Wednesday, September 3, 2014

National Cave Rescue Commission Camp Goldenbell, Colorado

If you've been reading this blog for any length of time, you know I like caves. Early on in my caving career, I became friends with some cavers who also were into cave rescue. They got me interested, and over the years I took enough classes (four eight-day classes to be exact) plus helped with many smaller cave rescue classes (also known as Orientation to Cave Rescue (OCR) classes) that I was permitted to take the test to become an instructor. Over the years I've instructed a variety of classes, and this year I was able to help instruct the Level 3 class at the national seminar for the National Cave Rescue Commission (NCRC). It was held in May at Camp Goldenbell, Colorado. (I think I mentioned before I was a little behind on some posting!)

It was my first time to help with the Level 3 class, which is more technical than the previous classes. Students had to pass various technical skills in order to be able to get into the class, as well as have had the Level 1 and Level 2 classes within a certain time period. We had a full class with a waiting list, and it was a great class! To see just how well they knew their stuff, one morning they were challenged to some knot tying. But not regular knot tying. This was with your eyes closed, or with just one hand, or behind your back (photo above), or with oven mitts, or with a partner. It was fun for everyone.

Soon it was time to head out to the cliffs to evaluate their skills and ability to work together. We did some basic anchors and hauls and lowers.

They did very well with all of that, so then we gave them more challenging problems. The colorful accessory cord and rope make it easier to tell what's going on in the photo below.

Everyone should be a pretend patient at some point, as it's a very strange feeling to be dangling on a rope, swinging in a basket.

The students were doing so well that we decided they needed one final challenge: to go down a boulder, through a hole in it, and up the other side. This would require the whole class (which had previously been split up) and be a communications challenge. The down and through part went smoothly.

 The up part was the most complicated. Here's a view of the litter still horizontal.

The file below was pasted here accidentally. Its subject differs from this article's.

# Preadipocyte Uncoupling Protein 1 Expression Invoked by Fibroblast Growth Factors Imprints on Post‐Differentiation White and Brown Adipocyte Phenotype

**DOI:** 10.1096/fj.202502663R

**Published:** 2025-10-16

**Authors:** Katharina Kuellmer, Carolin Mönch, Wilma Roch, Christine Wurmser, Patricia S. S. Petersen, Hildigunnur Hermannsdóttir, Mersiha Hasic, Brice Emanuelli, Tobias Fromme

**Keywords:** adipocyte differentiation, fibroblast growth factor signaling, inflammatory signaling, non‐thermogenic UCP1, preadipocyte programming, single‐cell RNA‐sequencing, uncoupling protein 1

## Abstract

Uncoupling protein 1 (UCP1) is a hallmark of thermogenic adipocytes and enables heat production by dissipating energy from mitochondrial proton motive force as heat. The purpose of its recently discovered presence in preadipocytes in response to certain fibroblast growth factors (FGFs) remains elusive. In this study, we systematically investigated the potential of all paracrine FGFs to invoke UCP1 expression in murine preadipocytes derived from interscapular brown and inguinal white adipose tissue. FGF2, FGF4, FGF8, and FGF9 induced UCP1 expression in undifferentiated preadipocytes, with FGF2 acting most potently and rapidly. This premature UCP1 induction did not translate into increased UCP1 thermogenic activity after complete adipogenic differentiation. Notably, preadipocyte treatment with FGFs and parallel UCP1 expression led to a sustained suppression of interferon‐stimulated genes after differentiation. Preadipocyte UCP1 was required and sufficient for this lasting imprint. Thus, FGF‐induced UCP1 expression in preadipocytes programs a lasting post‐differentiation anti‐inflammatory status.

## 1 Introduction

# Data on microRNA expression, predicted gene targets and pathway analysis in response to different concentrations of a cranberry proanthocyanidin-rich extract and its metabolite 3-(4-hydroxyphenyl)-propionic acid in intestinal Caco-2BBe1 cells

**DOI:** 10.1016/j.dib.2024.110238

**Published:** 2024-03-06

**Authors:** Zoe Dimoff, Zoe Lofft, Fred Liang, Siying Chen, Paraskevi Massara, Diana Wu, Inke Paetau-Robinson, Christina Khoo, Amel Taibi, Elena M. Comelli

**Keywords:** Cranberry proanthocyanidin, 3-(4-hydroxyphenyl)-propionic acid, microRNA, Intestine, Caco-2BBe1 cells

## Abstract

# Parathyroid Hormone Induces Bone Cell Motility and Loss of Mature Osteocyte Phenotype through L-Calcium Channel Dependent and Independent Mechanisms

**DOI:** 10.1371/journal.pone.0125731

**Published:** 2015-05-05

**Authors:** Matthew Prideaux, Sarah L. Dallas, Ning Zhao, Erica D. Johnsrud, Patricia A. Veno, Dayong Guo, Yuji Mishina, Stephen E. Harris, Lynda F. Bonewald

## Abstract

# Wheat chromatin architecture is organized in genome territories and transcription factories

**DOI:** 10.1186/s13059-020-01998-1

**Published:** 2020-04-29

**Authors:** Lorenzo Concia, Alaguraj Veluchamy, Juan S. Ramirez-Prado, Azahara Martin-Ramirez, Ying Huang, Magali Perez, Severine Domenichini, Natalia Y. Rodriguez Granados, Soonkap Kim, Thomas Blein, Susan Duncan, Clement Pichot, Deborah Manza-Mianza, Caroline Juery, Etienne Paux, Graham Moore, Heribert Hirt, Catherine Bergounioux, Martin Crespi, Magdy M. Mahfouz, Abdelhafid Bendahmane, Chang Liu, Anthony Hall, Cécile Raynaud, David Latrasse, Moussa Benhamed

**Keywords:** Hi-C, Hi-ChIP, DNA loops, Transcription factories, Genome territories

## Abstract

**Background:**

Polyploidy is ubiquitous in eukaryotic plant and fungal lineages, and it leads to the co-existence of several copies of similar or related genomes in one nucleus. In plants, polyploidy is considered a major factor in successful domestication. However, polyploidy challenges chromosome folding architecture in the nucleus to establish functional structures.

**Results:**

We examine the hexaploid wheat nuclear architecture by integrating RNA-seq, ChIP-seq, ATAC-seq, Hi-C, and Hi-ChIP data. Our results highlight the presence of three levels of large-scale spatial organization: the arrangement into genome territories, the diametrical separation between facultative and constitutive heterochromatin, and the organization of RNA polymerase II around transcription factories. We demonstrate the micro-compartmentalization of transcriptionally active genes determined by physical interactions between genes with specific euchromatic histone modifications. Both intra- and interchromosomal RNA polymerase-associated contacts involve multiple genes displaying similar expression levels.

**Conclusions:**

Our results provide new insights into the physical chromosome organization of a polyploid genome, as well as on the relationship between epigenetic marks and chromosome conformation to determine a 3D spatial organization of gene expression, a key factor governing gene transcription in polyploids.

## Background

Then it was shifted to vertical. Then there were problems with some torque issues on one high anchor and some pre-tensioned (or I guess in this case, post-tensioned) backties were added at the last minute. And they succeeded in getting the patient to the top of the boulder again.

Since it was a cave rescue class, we wanted to spend as much time in caves as possible. The caves we had to work with didn't have large work spaces, so we split the class into three smaller groups and they had a variety of tasks to do, such as counterbalances, traveling hauls, and tensioned traverses. (If you want to know more about these things, in addition to taking NCRC classes, the books On Rope and Alpine Caving Techniques are very helpful). My camera didn't do great in the cave, so I didn't get as many photos of our cave days.

I did get a lot of photos on our highline day, when we sent a rescuer out to the middle of a gorge, then down to the river to pick up a patient, and back to the shore using a Norwegian Reeve.
 Can you see the rescuer?
After that very gear-intensive and long exercise, they were challenged to get me (wearing my harness) from one side of the river to the other using only two ropes and six carabiners. They did it in less than half an hour. Sometimes less gear makes things go a lot faster!

Then came the mock-mock day. We used part of Cave of the Winds for the exercise. All four classes (Levels 1, 2, 3, and TOFE) came together, and then were split into three mixed groups. I led one of the groups with a cadre of excellent instructors to one part of the cave, where we put on four mini-scenarios so everyone would learn more about how to launch a cave rescue and how to participate in various roles, such as communications (using old army phones, as seen below).

Finally came the culmination of the class: the mock rescue. This is an all-day event that the students solve with minimal instructor interaction. My role was to be entrance control for instructors going in and out of one of the caves used, plus to check the rigging used to take the patient from the cave entrance to the canyon bottom many hundred of feet below. It was a great spot to see people as they came to the cave.

The rigging was very nice, and after many hours, the patient was brought out of the cave and then taken down to the canyon bottom. The only problem was that a for real big storm came in, and the canyon is subject to flooding. So before everything could be derigged, we got everyone out of there as fast as we could. Some went up to the parking lot where we had started, others went down out of the canyon on a faster trail. But then they closed the roads for hours, and the two groups were stranded, bringing some real logistical challenges. The Colorado cavers did a super job of sorting it all out, and everyone got back to camp safely in the wee hours.

It was a super experience checking out the Colorado cliffs and caves. The students I talked to got a lot out of the class. Next year the national NCRC class will be held in Park City, KY from July 24-Aug 1. Other NCRC classes will be held throughout the year in various locales. If you like caving, I definitely recommend a cave rescue class, as it will make you cave a little differently--hopefully safer!